This is a question I’ve been contemplating since I was 14. When I was 14, I had my first job. The job didn’t pay much but since I was in high school, I was able to save nearly everything.
One day, there was an early morning meeting about a group tour. A tour company came to our school and pitched the idea of taking anyone who wanted to go on a trip through Europe – all inclusive. Because we would be going in a large group, the cost was not that great. I believe the price was around $3,000 USD. Not bad.
Many of my friends signed up. Two weeks in Europe did sound pretty great. Many people pressured me to go. Upon initial review of the proposal, it did seem pretty great. Until I took into account opportunity cost.
Yes, opportunity cost is the cost of doing something with your time. Since the trip was over summer break, this trip would cost me greatly in opportunity cost. Let’s break this down.
The trip cost was $3,000 (£2105.48). Even at 14, I could swallow that pill on my own (my parents wouldn’t help). But the real kicker was that I would have two weeks fewer in the summer to work. I’m not really sure what I was paid back then. I’m also not really sure how many hours I worked. But I believe it’s safe to say I was earning $400 (£280.73) per week. This brought my total cost of the trip to $3,800 (£2666.77). Now THAT was getting to be a lot of money. Plus, being absent from my job for this long would be a reduction in job security. What if I came back and my boss decided to replace me with someone else even though he said it was okay that I leave? I just really couldn’t justify taking the time to spend $3,800. It just didn’t make sense for me at that age. Oh, and you really need to consider opportunity cost as well. If I were to invest that $3,800 (which I did) instead, it will grow to tens of thousands of dollars within the relative near-term. Yes, that innocent $3,000 trip would essentially have turned into tens of thousands of dollars lost. I didn’t even want to go that badly.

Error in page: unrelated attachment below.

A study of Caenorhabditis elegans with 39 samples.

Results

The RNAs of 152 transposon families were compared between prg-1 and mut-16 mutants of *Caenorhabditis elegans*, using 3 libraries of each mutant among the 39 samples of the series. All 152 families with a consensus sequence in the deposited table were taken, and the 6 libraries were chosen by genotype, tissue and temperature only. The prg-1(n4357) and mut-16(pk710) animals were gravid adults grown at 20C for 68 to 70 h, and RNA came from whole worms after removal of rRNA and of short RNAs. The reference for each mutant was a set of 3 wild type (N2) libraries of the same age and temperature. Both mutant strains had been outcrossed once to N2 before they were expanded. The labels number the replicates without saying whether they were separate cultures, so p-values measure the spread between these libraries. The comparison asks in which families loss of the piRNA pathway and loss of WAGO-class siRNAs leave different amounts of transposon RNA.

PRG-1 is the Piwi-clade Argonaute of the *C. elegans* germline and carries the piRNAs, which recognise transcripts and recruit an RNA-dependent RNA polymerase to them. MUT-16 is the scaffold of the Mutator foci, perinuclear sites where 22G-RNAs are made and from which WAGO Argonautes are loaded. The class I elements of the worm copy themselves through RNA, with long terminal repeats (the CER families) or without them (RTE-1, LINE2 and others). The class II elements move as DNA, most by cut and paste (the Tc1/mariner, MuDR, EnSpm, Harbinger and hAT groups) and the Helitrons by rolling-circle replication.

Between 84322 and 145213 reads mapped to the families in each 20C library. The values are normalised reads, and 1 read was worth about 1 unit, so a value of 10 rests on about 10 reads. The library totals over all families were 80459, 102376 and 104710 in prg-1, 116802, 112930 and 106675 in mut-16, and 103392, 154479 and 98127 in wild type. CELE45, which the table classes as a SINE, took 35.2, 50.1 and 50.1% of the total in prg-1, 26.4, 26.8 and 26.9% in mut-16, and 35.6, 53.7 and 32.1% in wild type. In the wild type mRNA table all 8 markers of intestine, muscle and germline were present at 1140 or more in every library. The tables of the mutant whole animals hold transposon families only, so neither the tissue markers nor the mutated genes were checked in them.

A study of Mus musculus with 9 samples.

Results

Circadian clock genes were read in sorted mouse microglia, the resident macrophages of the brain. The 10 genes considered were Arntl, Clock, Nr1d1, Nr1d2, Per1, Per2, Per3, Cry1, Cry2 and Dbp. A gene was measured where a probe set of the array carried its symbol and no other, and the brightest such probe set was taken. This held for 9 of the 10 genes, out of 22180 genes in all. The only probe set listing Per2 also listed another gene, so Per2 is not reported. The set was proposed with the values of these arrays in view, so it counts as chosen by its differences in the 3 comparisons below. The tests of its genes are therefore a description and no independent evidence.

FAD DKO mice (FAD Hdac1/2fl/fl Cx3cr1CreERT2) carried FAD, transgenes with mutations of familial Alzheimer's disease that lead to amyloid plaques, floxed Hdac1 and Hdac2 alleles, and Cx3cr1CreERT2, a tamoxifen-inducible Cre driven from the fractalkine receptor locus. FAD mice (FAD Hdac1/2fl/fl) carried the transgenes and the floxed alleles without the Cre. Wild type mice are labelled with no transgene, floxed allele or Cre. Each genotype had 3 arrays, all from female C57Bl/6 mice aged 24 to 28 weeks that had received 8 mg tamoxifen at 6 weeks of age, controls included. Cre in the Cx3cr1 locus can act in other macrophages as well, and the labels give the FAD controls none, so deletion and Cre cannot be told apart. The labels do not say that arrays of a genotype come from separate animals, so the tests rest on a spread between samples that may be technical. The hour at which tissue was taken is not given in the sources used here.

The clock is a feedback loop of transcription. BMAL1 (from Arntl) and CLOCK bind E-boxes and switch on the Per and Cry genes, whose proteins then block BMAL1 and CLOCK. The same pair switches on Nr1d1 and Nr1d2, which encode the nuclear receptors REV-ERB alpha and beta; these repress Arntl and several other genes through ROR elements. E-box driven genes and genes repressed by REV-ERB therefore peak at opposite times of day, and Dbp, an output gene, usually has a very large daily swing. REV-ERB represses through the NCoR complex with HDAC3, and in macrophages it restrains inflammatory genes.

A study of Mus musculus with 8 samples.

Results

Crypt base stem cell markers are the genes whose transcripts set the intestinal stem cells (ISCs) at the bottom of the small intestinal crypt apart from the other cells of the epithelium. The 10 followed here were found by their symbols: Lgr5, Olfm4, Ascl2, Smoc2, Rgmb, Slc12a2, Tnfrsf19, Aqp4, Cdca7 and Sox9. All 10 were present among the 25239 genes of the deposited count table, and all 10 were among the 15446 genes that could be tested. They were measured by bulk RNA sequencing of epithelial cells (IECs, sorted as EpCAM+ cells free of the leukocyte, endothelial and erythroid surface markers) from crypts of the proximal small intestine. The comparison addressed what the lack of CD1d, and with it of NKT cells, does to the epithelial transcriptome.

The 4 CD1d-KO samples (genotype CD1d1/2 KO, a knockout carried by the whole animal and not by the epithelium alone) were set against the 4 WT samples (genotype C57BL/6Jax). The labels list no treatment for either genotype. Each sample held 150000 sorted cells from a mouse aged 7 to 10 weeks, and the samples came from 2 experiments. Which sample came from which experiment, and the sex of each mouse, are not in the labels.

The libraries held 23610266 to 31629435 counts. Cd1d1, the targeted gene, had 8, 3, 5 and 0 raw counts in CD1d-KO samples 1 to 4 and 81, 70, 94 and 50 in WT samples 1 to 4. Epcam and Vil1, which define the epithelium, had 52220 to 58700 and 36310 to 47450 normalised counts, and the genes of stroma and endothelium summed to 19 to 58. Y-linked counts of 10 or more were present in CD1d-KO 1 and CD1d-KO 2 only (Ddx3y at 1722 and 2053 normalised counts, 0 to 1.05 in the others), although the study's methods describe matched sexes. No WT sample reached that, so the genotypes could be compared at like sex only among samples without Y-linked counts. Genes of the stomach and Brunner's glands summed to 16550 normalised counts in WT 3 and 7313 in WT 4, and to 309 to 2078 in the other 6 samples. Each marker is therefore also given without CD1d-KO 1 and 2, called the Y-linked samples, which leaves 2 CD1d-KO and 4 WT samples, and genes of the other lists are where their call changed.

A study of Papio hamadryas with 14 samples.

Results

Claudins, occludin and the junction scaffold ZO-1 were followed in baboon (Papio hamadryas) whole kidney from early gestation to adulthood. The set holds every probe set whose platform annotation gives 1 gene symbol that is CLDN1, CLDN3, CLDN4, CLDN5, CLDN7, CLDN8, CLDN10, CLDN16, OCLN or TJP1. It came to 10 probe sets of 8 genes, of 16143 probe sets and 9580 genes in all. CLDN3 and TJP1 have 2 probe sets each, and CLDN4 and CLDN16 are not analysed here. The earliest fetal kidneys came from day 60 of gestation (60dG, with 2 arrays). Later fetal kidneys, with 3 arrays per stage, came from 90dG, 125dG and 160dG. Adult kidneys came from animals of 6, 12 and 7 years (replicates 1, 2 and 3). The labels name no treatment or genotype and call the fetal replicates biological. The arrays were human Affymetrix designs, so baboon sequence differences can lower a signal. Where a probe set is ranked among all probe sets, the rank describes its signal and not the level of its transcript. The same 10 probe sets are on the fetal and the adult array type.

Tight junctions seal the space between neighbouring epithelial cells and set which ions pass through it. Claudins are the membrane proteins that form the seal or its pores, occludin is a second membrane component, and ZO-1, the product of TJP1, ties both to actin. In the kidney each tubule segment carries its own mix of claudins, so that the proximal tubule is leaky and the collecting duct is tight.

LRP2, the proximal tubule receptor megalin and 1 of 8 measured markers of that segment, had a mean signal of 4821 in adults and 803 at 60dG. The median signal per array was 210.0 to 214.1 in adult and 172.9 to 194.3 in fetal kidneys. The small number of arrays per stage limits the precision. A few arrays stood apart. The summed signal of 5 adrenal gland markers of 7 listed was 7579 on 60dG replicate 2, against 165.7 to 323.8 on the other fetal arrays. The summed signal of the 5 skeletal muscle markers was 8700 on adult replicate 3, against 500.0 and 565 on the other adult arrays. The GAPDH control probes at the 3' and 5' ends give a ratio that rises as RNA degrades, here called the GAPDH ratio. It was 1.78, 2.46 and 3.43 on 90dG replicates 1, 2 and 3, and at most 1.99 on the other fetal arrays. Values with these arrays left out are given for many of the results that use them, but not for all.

See, mathematically it doesn’t make sense to travel while young. At least… not when only looking at the above illustration. So what about going into the future. What about future opportunity cost?
You see, me making $400 per week isn’t much money compared with what I’m making now and what I’ll be making in the future. So the opportunity cost of being in high school isn’t as great as it may seem. After all, if I travel now, I’ll be missing much more work, thus missing out on a lot more money.
So when is the proper time to travel? We’ve explored doing it while young. Let’s now consider doing it while older.
There are many pros and cons to travel while older. For cons, it will likely cost more. This is because you’ll probably prefer a higher standard of living whilst traveling. You probably won’t want to stay in hostels, sleep in tents or set up camp in the backseat of your estate car. No, you’ll want safe, comfortable places to be down.
Furthermore, your health may not be as good if you wait to travel until, say, retirement. You may require medications. These medications may be hard to get where you travel to. Your insurance may not apply outside of your country. This means you’ll have to get a form of travel insurance – or risk a hefty bill should you fall ill.
Getting older means you may not be able to enjoy as much either. Rock climbing, kayaking, surfing may all be out of the question. However, you may be able to enjoy the other things much more. I know for myself, the older I get, the more I appreciate conversations with locals, local culture and museums. So just because you can’t enjoy some activities, don’t think of yourself as being too old to have fun traveling.
Between the two extremes, you could travel while you’re middle-age. This is good except you are at the height of your earning potential. Although if you have a salaried job, this may not be such a big deal. You’ll also have kids. If you bring them along, that’ll get much more expensive.
This is difficult. The obvious answer is that you should travel once you retire. After all, that’s what most people do. It’s because at that age they have time + money to travel. However, carpe diem, right? If you want to make sure to live life to the fullest, you may want to travel now.
I’m afraid there’s no easy answer. For me personally, I’m choosing to build up my income before traveling too much. I travel some just not as much as I would if money weren’t an issue. It just feels like the responsible thing to do. Once I’m doing well financially, the world will be my oyster.
When do you feel is the best time to travel? While young? While middle-aged? While retired? Or do you have a more chill view towards the matter – that a person should travel throughout their entire life. A mix of ‘all of the above’ is probably the correct answer.
Will Lipovsky is a personal finance freelance writer and internet marketer. His most embarrassing moment has been saying to a Microsoft executive, “I’ll just Google it.” You can get in touch with Will at FirstQuarterFinance.com.